This, “this old house” happens to be in Falls Church, Virginia. I thought this was an interesting comment in an article about a neat Victorian fixer-upper.
This season, consumers are starting to catch on to the benefits of self-watering container gardening, where reservoirs automatically detect when a plant needs a hit of H2O. Revamping the old pod-insert design to something more marketable to the masses, the sub-irrigating technique is starting to take hold as one the latest trends in gardening.
"They're making them in much prettier colors and now there's more of a draw because people don't need someone to come over and water their plants three times a day," said Cram.
The term sub-irrigating was used but once again, the term self-watering causes misunderstanding about capillary action watering. Note the words “automatically detect”. That would be neat but it's not true. There's no built-in intelligence. The "self" is you.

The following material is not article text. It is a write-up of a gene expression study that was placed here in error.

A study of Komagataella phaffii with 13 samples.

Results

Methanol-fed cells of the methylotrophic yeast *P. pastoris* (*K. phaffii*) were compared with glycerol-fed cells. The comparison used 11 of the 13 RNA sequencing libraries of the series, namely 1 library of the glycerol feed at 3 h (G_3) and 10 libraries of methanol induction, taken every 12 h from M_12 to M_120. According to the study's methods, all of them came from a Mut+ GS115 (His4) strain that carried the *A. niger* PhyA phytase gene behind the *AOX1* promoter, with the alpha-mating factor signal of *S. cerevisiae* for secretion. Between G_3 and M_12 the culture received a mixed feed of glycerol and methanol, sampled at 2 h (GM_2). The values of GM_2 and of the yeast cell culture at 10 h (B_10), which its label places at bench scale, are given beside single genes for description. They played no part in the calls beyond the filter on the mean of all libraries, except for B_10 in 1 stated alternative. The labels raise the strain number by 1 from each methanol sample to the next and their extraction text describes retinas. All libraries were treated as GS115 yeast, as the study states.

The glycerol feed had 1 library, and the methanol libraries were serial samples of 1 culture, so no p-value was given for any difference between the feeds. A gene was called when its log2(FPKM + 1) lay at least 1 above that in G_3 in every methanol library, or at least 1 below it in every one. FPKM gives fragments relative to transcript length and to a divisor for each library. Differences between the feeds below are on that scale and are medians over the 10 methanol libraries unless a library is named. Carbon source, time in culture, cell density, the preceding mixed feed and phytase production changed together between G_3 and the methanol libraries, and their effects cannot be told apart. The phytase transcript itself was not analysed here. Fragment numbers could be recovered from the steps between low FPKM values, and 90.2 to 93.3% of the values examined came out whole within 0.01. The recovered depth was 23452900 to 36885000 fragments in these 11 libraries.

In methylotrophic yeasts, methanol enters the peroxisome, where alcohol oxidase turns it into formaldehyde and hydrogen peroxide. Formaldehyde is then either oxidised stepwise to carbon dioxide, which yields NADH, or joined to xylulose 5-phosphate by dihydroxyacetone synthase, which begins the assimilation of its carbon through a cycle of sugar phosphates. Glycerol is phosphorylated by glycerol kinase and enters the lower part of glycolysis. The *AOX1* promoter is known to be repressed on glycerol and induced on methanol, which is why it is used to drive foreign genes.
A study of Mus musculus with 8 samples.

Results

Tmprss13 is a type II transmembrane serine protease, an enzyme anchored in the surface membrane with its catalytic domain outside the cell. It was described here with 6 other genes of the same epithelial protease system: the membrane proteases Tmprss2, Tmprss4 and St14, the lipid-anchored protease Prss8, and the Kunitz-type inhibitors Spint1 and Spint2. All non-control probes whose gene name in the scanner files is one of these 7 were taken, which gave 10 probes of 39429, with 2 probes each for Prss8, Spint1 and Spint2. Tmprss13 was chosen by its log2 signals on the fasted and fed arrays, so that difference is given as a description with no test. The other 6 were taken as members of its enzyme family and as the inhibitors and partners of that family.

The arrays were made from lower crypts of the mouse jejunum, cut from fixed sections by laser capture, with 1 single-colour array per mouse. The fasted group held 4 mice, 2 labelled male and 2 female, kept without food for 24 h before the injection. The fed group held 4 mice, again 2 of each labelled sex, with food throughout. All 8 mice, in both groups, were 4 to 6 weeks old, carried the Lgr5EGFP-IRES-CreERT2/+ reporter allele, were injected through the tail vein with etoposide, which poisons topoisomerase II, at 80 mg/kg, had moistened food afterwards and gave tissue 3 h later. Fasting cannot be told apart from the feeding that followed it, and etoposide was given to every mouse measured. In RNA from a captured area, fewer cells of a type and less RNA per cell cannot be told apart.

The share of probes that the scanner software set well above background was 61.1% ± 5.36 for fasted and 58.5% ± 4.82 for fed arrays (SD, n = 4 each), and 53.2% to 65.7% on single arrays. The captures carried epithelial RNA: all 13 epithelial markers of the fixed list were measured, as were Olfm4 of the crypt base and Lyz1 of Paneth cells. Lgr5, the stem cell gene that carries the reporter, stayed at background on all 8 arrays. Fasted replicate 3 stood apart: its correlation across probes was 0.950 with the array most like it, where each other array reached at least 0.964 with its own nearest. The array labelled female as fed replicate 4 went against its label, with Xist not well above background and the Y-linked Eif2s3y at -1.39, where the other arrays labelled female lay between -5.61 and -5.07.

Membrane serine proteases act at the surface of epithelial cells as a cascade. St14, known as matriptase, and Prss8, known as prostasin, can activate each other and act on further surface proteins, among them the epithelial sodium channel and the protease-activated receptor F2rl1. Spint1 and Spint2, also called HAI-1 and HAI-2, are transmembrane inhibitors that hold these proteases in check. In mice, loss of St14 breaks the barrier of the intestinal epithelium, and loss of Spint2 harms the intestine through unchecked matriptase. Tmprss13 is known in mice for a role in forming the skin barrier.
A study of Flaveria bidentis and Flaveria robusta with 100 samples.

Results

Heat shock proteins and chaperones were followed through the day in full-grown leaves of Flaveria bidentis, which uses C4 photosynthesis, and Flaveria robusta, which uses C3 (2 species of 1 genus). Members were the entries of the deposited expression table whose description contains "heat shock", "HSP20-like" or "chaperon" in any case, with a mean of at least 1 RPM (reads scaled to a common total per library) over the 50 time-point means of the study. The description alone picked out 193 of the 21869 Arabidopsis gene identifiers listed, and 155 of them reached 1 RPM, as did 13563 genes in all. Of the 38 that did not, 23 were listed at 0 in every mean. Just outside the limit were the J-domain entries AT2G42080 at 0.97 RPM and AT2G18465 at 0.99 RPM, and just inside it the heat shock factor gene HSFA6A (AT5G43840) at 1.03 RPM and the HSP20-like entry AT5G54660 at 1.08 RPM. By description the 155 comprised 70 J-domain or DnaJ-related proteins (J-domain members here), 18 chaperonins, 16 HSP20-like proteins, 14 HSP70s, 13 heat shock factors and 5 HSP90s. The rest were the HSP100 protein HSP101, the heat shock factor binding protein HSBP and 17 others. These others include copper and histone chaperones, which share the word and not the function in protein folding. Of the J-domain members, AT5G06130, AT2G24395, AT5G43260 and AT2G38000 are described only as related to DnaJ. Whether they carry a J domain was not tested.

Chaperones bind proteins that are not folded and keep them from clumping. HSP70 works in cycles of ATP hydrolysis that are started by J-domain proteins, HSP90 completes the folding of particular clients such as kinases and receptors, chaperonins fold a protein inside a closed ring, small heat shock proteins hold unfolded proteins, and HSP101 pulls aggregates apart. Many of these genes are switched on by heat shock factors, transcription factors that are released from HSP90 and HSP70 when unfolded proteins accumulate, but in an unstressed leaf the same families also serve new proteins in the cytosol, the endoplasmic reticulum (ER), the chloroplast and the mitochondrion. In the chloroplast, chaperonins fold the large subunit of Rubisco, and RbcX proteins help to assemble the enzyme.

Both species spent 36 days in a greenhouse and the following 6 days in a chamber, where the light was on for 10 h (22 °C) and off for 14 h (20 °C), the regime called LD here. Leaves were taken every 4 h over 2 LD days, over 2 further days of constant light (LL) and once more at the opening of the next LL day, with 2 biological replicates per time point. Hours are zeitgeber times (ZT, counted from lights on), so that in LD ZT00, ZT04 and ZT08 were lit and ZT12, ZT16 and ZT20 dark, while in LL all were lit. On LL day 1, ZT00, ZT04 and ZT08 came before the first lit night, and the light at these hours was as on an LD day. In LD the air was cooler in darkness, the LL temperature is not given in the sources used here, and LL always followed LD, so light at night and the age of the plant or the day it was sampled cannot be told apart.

In the absence of guidance by our horticultural educators, this is where we are. Progress is slow and it comes about mainly through the effort of individuals rather than horticultural or gardening organizations. Note the operative words…”consumers are starting to catch on”.
What consumers will catch on to is saving water while growing more abundant and healthy decorative and edible plants in containers. Water restrictions may be what ultimately gets our attention.
Whatever it takes will be to the good in getting us out of a national obsession with clay pot and saucer container gardening. Drench and drain watering may be convenient and seem intuitive but it's horticulturally the worst way to water container plants. It's tricky to learn and only leads to wasting water and plants.